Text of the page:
Richie Syrett - Commit No Nuisance

Owain Paciuszko 23/11/2009

Rating: 3/5

Belying the thoroughly British brickwork album art comes the opening alt-country Americana sounding guitar licks of Times Long Past, the lead track of this 10 song strong debut LP from Manchester based singer-songwriter Syrett. His vocal - introduced with a cough - has an American accent that winds up depositing him somewhere alongside Ryan Adams circa Heartbreaker. Syrett has done an impressive job putting this record together independently and the arrangment, especially the backing vocals, on this lead track is particularly strong.

Easy has a sparser, country sound with a slow-toe-tapping rhythm and after the strong opener seems a little inconsequential. Mondays Always Come balances a pleasant musical sound with a grumpy lyric; 'I'll be dreaming more and be thinking less/Wages paid and I piss them all away.' It feels like a slacker refrain from a middle-of-nowhere high school movie. Thinking about Syrett as a UK artist can become his undoing, as it feels a little false when he plays Americana so well, it's kind of similar to how Gomez lost favour over on these shores whilst building a large following across the pond. Syrett works best if you just pretend he is the latest middle-America alt-country export.

There's a nice drift from the Bright Eyes-lite Out Of Sight, Not Out Of Mind into the muted, bitter swagger of Painting By Numbers; 'I'm going to spend some time upon the floor wishing my weeks away.' Though, somewhat disappointingly, it doesn't really go anywhere, content to continue at the same emotional and musical pace throughout. American Mud meanwhile finds Syrett in fine voice, and obviously this track has more that just a slight nod to the U.S.A. Lyrically it is as peppered with references, both geographical and political, as much of Ryan Adams' Gold. No Flies On Me is a last hurrah before the somewhat languid closing track I Am My Everything, though squirreled away there's a 'hidden' cover of The Rolling Stones' Honky Tonk Women.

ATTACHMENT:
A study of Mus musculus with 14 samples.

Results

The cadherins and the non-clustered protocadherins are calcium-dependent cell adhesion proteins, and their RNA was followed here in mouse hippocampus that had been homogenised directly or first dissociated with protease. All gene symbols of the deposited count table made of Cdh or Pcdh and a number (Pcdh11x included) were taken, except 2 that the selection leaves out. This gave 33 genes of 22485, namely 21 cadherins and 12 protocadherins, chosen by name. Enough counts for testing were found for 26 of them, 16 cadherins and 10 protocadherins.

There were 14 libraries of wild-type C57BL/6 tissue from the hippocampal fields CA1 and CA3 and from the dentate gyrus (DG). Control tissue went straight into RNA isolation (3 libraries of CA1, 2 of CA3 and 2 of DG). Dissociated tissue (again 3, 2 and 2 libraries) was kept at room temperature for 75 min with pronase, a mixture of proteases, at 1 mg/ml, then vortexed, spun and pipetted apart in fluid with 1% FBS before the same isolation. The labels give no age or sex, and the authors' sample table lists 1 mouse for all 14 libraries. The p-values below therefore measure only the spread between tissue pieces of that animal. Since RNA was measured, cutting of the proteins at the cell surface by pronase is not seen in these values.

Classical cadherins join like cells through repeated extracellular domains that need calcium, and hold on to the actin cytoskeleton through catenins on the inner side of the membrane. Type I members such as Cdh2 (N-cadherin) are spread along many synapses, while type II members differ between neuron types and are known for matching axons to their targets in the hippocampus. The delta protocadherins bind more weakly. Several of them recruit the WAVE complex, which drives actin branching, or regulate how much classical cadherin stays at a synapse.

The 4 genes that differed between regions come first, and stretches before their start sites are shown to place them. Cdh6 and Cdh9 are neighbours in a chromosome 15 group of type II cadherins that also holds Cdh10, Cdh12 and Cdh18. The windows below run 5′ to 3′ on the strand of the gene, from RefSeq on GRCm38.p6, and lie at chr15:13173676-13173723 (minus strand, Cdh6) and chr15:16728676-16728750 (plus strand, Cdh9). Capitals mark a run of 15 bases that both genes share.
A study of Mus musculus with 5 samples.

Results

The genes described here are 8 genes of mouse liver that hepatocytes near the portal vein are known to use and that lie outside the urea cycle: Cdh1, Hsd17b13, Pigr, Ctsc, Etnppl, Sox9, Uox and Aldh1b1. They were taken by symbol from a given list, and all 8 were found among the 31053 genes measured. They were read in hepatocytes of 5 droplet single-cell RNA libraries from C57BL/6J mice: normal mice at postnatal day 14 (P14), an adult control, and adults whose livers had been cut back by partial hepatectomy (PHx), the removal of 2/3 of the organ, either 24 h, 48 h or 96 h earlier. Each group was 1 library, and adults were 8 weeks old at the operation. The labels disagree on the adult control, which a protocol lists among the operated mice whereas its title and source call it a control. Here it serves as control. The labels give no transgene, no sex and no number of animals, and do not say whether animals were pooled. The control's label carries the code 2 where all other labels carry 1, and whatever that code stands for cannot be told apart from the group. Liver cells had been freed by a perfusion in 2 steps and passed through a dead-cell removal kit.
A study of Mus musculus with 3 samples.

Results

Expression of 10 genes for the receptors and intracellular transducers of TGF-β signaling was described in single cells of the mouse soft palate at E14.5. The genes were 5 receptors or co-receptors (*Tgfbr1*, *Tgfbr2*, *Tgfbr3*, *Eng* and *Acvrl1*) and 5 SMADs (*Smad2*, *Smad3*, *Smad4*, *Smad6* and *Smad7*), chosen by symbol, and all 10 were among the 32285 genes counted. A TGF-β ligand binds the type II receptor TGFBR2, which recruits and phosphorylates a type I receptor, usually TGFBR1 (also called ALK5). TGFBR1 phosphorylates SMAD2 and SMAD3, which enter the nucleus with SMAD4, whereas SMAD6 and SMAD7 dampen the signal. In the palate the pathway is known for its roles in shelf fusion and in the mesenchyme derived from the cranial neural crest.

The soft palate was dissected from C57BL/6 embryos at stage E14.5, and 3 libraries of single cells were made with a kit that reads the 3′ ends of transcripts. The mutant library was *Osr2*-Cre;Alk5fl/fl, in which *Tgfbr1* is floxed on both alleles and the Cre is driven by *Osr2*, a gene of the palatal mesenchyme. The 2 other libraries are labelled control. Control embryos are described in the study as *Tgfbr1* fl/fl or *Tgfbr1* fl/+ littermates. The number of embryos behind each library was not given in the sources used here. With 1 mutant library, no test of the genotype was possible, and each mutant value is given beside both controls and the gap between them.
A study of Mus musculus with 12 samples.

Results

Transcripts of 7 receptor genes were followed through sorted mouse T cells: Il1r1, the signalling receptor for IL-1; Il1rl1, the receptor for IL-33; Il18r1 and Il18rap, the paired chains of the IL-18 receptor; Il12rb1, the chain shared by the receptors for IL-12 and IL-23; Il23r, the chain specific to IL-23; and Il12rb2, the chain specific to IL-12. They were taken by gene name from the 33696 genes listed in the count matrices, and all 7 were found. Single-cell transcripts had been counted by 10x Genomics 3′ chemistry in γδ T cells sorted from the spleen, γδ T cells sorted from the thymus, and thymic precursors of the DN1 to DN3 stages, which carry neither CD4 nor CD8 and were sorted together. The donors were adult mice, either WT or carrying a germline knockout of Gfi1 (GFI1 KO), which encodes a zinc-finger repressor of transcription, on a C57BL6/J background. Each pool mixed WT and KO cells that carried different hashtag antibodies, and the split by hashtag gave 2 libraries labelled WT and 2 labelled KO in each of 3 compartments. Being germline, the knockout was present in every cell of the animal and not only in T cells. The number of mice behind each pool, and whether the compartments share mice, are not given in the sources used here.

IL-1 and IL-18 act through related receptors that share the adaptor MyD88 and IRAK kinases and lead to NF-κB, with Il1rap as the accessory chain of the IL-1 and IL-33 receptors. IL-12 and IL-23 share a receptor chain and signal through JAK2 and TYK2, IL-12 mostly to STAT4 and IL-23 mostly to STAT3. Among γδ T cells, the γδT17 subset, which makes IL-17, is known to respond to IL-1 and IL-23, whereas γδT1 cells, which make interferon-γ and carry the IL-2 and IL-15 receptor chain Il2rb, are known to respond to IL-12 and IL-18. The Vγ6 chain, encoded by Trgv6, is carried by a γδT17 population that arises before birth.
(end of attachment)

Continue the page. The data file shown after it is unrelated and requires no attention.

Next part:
A larger part of what keeps this album stalling at the gate is that it doesn't shift pace much, each track segues easily into the next and whilst none offends or grates, it has a certain lazy quality that can cause certain songs to almost pass you by altogether. Syrett is a very talented singer-songwriter, and manages to tread just on the right side of paying 'homage' to American folk music whilst retaining some semblence of his own voice.